When Lady Gaga debuted makeup brand Haus Labs in 2019, her angle was access: (relatively) affordably priced products, available exclusively on Amazon, the e-commerce giant built on the idea of selling everything to everybody. It was exciting: Lady Gaga was, and is, one of the few remaining, unambiguously A+ list celebrities. Haus Labs was something “different,” a departure from the usual celebrity fronted beauty line debuting at Sephora or Target, I reported at the time.
Despite the high-profile launch, little was heard about the brand over the last two years. There were whispers that Haus Labs was a flop. A new executive team was brought in last year to focus on packaging, product innovation and more.
Much of Haus Labs’ troubles had to do with timing. The summer of 2019 wasn’t an optimal time to start a makeup brand. The category was in turmoil (nine of the 10 top prestige makeup lines in the US saw declines in sales for the first half of 2019). The pandemic hit six months later.
Next week, Haus Labs is relaunching, this time as a “clean” brand in Sephora instead of an accessible brand on Amazon. But have Lady Gaga and her team learned the right lessons?
A celebrity is meant to mitigate much of the risk associated with starting a brand. Lady Gaga fits the role perfectly: she is a beloved champion of inclusivity and self-acceptance, and an outspoken supporter of causes including mental health, HIV/AIDS and LGBTQ rights. No one would question her authenticity as it relates to being yourself, especially when it comes to beauty.
But not enough people heard that message the first time around. Amazon hasn’t managed to establish itself as a beauty destination. As with fashion, the retailer is good at selling generic basics like Cerave or Aquafor, but stumbles when it comes to showcasing brands with a strong point of view or higher than drugstore prices (Haus Labs lip gloss costs $18, the same as Selena Gomez’s Rare Beauty, another Sephora line).
Haus Beauty was meant to help the retailer overcome those shortcomings, but one brand can only do so much, especially in 2019 when it was skin care, not cosmetics, that consumers were most interested in seeking out.
This time around, the beauty tailwinds could work in Lady Gaga’s favour.
Makeup is back on the rise, and re-launching the old-school way with Sephora means Haus Labs will be available in hundreds of stores, where about 90 percent of all beauty purchases still happen. It’s the kingmaker approach that’s worked for Fenty Beauty, Drunk Elephant and Rare Beauty — where the retailer gives a brand it sells exclusively the best placement in-store, marketing muscle and anything else it can do to get the products in front of its loyal customers .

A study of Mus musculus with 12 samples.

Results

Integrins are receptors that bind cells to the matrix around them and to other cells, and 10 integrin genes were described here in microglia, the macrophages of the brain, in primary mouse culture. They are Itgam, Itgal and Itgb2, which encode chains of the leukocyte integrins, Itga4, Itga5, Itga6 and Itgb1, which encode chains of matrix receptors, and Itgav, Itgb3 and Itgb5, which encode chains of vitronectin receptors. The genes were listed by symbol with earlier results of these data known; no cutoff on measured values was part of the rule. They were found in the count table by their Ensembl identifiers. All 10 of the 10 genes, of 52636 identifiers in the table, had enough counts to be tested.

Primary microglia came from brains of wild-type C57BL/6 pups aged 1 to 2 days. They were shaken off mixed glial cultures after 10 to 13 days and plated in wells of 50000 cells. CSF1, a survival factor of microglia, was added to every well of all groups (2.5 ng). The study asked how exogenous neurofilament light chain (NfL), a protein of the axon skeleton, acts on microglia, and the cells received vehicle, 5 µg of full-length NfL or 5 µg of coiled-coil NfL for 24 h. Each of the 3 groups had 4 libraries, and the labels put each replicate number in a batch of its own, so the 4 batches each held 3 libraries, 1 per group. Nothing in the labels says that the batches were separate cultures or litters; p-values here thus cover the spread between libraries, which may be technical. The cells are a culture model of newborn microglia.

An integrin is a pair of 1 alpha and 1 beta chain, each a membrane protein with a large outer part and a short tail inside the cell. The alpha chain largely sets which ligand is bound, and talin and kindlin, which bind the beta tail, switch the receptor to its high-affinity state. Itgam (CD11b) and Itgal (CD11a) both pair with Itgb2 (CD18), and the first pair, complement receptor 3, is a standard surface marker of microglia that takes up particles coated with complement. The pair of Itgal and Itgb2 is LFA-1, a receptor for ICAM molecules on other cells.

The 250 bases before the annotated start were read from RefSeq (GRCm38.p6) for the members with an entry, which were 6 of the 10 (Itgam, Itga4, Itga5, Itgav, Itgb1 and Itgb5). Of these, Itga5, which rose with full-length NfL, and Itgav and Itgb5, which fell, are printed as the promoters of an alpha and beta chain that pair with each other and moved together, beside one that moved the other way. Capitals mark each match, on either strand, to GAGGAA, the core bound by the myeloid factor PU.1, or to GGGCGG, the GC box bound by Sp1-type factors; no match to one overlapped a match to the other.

Lady Gaga is also hopping on a different trend — clean beauty rather than accessibility. Haus Labs started to tease what we can expect to see next week. After wiping its Instagram account, the brand re-populated its feed with a series of posts, captioned with slogans like “the future is beautiful,” “supercharged clean artist” and “powered by innovation” — clues to the new “clean” brand positioning. It’s not surprising, given that Sephora is investing heavily in “clean” makeup, especially lines made with skin-care ingredients like Westman Atelier, Kosas and Ilia.
“The main thing we have learned since initial launch is that greatness takes time and requires evolving,” Haus Labs co-founder and chief executive officer Ben Jones said in an e-mail. “The beauty space is constantly changing, and we want Haus Labs by Lady Gaga to be at the forefront of innovation and performance while delivering products that stay true to our core beliefs of kindness and inclusivity for all.”
It’s a better time than any for Haus Labs to re-enter the space — but three years is also an eternity in the celebrity brand ecosystem. Dozens of famous founders have come out with lines of their own since 2019, making it even harder for Haus Labs to stand out. Even being an A-list singer doesn’t guarantee the same level of success in beauty.